Some people call it the White City. Some people call it TLV. Some people call it “The Bubble.” I used to call it home.
I grew up in the maze known as Dizengoff Center. This was before Azrieli. This was before the port in Tel Aviv was anything more than a collection of empty warehouses. This was before Shenkin became a gentrified and overpriced tourist trap.
I had my first beer at a small bar called “Nikui Rosh,” which literally means a “head cleaning.” It was a small dive not far from the old central bus station, where the owner had no qualms serving foamy Goldstar half-liters to fifteen-year-old kids. Their claim to fame was that they were “Tel Aviv’s second best bar.” I always liked that. It was honest because it was clear that this tiny little hole-in-the-wall bar that played Israeli bands like “Eyfo Hayeled” on loop was not Tel Aviv’s finest drinking establishment. Far from it. They were honest, however, and we appreciated it. I miss that place. I could use a good head cleaning these days.
Our first nightclub was a place called “The Coliseum,” which is now a strip club called “The Pussycat,” I think. It’s a round structure at the corner of Ben Gurion Boulevard and Ben Yehuda Street. They played the worst pop and disco music and the crowd was an assorted collection of arsim from Bat Yam and Holon, or worse, Beer Sheva. We’d tumble out of that place smelling like an ashtray and walk along the boardwalk looking for trouble. We hardly ever found any. Instead, we found cabs and argued about the fare, since all the cabbies tried to rip us off. Saturdays never started before noon.
My film education came at the old movie theaters that no longer exist. The old Esther theater, Dizengoff theater, and the list goes on. Classics like “Cinema Paradiso” or “Reservoir Dogs” were seen in what is now a hotel or an abandoned building. We used to make the trip all the way to “The Third Ear” to try and find some old New Wave Film on VHS that our local video store didn’t carry. The Third Ear still exists, but long gone is my insatiable curiosity to discover cinematic gems.
Friday afternoons were spent at some café on the beach near Jaffa and the Dolphinarium. Cold Goldstars were served while we smoked cigarettes and talked about the kind of movies we’d make, the kind of books we’d write, or the kind of art we’d create. The possibilities were endless, or so we thought. The army was looming over our heads along with the bursting of our collective bubble.
My first taste of sushi at that place on Ben Gurion Street with Arkady Duchin sitting two tables over. “Hachaverim Shel Natasha,” (“Natasha’s Friends”) was quite possibly the greatest band that ever came out of Tel Aviv. I should have said hello. I’ve always regretted it. I can still listen to that album and I’m right back in Tel Aviv, no matter where I am in the world. Sushi is ubiquitous here now and even my five year old loves it. Back then, there were only like two places.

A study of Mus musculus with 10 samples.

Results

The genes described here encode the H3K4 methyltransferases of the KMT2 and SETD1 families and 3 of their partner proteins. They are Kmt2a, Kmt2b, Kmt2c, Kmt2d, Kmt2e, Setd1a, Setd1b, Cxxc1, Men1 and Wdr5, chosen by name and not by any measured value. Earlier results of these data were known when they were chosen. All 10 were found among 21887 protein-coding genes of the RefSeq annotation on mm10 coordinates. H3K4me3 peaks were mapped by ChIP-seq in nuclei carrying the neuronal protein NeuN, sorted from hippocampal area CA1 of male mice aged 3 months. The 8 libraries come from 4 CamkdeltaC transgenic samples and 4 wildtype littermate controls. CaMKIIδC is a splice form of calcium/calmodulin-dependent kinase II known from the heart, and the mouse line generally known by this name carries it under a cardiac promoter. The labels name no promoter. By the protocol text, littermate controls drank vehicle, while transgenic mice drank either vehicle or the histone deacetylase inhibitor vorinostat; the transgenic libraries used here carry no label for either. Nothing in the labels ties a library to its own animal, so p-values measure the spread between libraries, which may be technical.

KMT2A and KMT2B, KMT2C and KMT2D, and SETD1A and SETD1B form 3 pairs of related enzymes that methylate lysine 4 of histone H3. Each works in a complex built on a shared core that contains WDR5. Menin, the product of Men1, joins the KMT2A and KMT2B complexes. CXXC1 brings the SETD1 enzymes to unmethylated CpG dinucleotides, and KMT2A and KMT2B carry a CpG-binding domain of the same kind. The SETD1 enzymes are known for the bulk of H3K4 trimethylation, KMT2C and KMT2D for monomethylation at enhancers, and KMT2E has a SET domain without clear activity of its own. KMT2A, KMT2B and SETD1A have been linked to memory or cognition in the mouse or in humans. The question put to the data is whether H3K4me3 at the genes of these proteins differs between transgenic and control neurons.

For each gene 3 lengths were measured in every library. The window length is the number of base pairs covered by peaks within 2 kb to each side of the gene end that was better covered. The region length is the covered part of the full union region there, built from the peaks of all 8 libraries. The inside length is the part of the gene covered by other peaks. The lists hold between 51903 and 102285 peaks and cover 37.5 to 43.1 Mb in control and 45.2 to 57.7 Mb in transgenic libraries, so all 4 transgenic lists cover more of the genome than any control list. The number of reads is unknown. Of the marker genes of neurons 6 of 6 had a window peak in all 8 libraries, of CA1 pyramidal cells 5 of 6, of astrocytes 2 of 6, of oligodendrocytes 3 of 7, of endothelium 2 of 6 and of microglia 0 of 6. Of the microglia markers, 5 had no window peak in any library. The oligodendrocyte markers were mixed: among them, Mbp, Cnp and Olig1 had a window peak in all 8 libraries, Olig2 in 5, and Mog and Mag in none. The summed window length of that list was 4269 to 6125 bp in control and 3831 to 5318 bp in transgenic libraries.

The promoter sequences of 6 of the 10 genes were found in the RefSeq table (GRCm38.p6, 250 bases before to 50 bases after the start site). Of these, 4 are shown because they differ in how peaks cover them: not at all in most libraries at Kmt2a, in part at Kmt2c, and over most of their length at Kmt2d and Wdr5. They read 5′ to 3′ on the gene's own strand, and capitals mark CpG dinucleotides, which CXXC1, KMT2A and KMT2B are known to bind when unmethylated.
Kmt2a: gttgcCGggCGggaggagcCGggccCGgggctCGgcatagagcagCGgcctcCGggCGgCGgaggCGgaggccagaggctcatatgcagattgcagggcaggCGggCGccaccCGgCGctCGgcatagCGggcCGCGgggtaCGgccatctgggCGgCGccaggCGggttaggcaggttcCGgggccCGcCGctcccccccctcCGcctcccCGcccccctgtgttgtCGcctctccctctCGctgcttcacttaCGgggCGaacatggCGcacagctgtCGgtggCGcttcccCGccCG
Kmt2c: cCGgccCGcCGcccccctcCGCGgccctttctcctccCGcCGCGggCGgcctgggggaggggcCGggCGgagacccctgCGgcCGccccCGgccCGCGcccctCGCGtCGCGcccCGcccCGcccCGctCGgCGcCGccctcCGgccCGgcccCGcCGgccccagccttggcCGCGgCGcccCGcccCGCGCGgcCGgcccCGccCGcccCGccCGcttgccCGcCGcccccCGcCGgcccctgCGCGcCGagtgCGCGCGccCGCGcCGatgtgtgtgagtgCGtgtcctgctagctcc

I came back to Tel Aviv in 2007 and swore that I would never leave my city again. I was sharing a Bauhaus apartment in the old North (that’s why they call it the White City — Tel Aviv has thousands of Bauhaus apartments) and paying next to nothing. It was a two bedroom and we paid approximately 1,200 NIS each. Recently, a co-worker told me that she was renting the same apartment and even though no renovations had been made, she was paying four times that now.
My wife and I, before we had our son, would walk around Neve Tzedek, before the Old Train Station complex was finished and before hundreds, sometimes thousands of people, swarmed in on the weekends and made the place so unbearably loud, so unbearably crowded that we stopped going.
I swore to my wife that I would never live anywhere but Tel Aviv. It’s the greatest city in the world. I still think so. But Tel Aviv no longer has room for people like us anymore. It is too expensive, too pretentious, too unaware of its own bubble.
But the bubble has burst.
A few Fridays ago we took our son to an event at HaBima Square. They had spent years renovating that beautiful national theater and the courtyard out front where Rothschild meets Ben Tsion Boulevard and it is breathtaking in its beauty. I hardly recognized it with its colorful flower beds and shimmering decorative pool. It was a free event, posted on Facebook. Come on out on a Friday afternoon and blow some bubbles.
It was all of us out there, now grown up. All of us Tel Aviv kids who had grown up and have had kids of our own, all blowing enormous bubbles into the air while “Eifo Hayeled” was playing. I watched those long bubbles float through the air and the joy in my son’s eyes as he chased them down, just to karate chop them into a million little specks of burst bubble.
My Tel Aviv bubble has burst, that’s certain. I no longer have that desire to discover obscure French filmmakers or dive bars near the Central Bus Station. Tel Aviv is too loud, too expensive for me. Tel Aviv is one giant clusterfuck of trying to find parking and getting stuck in traffic. It is one giant clusterfuck of hipster assholes with beards and eclectic cafes with bicycle wheels on exposed brick walls.
Tel Aviv is ridiculous to me now and even though my bubble has burst, completely and utterly in my face, I hope that this once beautiful, magical bubble that helped form so much of my life’s philosophy when I was a teenager floats around long enough for my son to enjoy it.
Without that bubble, I’m afraid we won’t have anything left to admire and hang on to in this country.